Goat Pen In Saint Kitts
Photo By Erasmus Williams
Basseterre, Saint Kitts – Nevis
June 25, 2008 (CUOPM)
With a significant increase in livestock production in St. Kitts, the Department of Agriculture says the Bayfords Farm is being rehabilitated after years of inactivity.
“There are a total of 21 Holstein cattle which consists of 17 females and 4 males. The fencing of approximately 25 acres has been repaired and pastures cleaned. Ten acres of land has been identified at Bayfords farm as the designated pig production site for the St. Peter’s community,” said Acting Director if Agriculture, Mr. Ashton Stanley.
The Department of Agriculture also disclosed that Bourkes Breeding Unit has the responsibility for the conservation, multiplication and sale of pure breeding stock of sheep primarily Barbados Black Belly which saw a slight increase in 2007.
The Department of Agriculture is reporting that beef production during 2007 increased by 50.2 percent from 60,200 kilos in 2006 to 90,400 kilos in 2007.
It said that the increased production during 2007 was achieved mainly by the willingness of the local supermarkets to purchase more local beef at a competitive price and the ability of the farmers to supply.
The Department said it facilitated the sale of 49,340 kilos of beef to supermarkets and other processors and 8,415 kilos to the school feeding programme.
“Certainly, the production figures are an indication that the market for local beef is being reclaimed,” said Acting Director of Agriculture, Mr. Ashton Stanley.
He said that during the year, a survey of the national herd carried out to determine the capacity to meet the demand for local beef, found 205 cattle owners were registered and 3,324 cattle were recorded.
“It was concluded that based on the current demands for local beef that this herd size is adequate,” said Mr. Stanley, who also disclosed that a water catchment facility was constructed on a cattle farm at Godwin’s Estate with a capacity of 50,000 gallons.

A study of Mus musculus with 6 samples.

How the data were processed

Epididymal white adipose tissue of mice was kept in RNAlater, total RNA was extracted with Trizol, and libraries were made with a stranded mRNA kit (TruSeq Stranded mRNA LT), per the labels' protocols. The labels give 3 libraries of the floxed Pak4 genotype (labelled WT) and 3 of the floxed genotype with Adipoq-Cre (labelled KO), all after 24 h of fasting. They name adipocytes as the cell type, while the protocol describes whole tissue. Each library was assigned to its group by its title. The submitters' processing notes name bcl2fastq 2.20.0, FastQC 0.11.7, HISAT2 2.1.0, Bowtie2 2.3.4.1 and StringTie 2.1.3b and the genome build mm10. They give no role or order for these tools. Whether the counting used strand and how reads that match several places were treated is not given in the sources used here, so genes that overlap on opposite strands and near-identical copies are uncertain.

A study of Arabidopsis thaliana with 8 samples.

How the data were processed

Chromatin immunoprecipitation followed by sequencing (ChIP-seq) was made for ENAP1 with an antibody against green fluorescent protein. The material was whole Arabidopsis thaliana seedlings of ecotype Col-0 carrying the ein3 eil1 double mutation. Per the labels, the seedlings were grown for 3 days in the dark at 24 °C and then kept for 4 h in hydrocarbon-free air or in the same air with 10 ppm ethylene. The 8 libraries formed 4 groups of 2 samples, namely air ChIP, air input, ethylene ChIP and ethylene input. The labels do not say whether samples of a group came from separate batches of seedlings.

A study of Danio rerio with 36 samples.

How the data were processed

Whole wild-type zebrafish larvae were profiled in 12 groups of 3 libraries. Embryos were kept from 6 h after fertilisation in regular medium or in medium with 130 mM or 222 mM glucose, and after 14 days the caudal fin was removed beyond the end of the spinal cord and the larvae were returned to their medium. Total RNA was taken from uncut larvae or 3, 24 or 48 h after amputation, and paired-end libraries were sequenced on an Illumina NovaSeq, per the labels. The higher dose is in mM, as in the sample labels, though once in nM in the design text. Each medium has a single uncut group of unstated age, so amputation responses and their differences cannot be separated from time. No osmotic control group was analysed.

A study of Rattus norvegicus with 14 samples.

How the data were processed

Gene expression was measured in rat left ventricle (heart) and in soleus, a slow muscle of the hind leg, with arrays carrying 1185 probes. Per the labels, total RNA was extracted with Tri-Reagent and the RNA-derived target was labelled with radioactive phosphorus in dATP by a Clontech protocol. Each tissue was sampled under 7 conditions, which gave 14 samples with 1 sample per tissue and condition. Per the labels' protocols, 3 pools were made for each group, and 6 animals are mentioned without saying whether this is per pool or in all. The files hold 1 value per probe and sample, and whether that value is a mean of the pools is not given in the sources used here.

As a result of the policy of the Ministry of Agriculture, pork production has increased significantly over the years from 20,000 kilos in 2000 to 75,000 kilos in 2007. Goat meat has increased from 8,500 kilos in 2000 to 14,600 kilos in 2007; beef from 32,800 kilos in 200 to 90,400 kilos in 2007 while mutton fell from 10,600 kilos in 2000 to 8,600 kilos in 2007.
“The goal of the pigs sub-programme is to increase the production of pork under improved systems of feeding and housing to enhance food safety requirements with an aim to penetrate the supermarket and hospitality sectors,” said Stanley.
Local pork continues to show a strong demand in the marketplace as is evident by the sustained production. Parallel to the amount of pork produced is the number of pigs slaughtered.
The Department also facilitates the sale of pork to supermarkets in an effort to guarantee consumer satisfaction. Penetration of supermarkets with local pork is a major objective of the pork sub-programme.
During 2007, the Department facilitated the sale of 6,547 kilos of local pork to supermarkets. This pork was processed from 258 pigs and supplied by 23 farmers. The sale price of pork to these supermarkets was EC$6.00 per pound with the participating farmers received EC$86,424.00 as gross proceeds.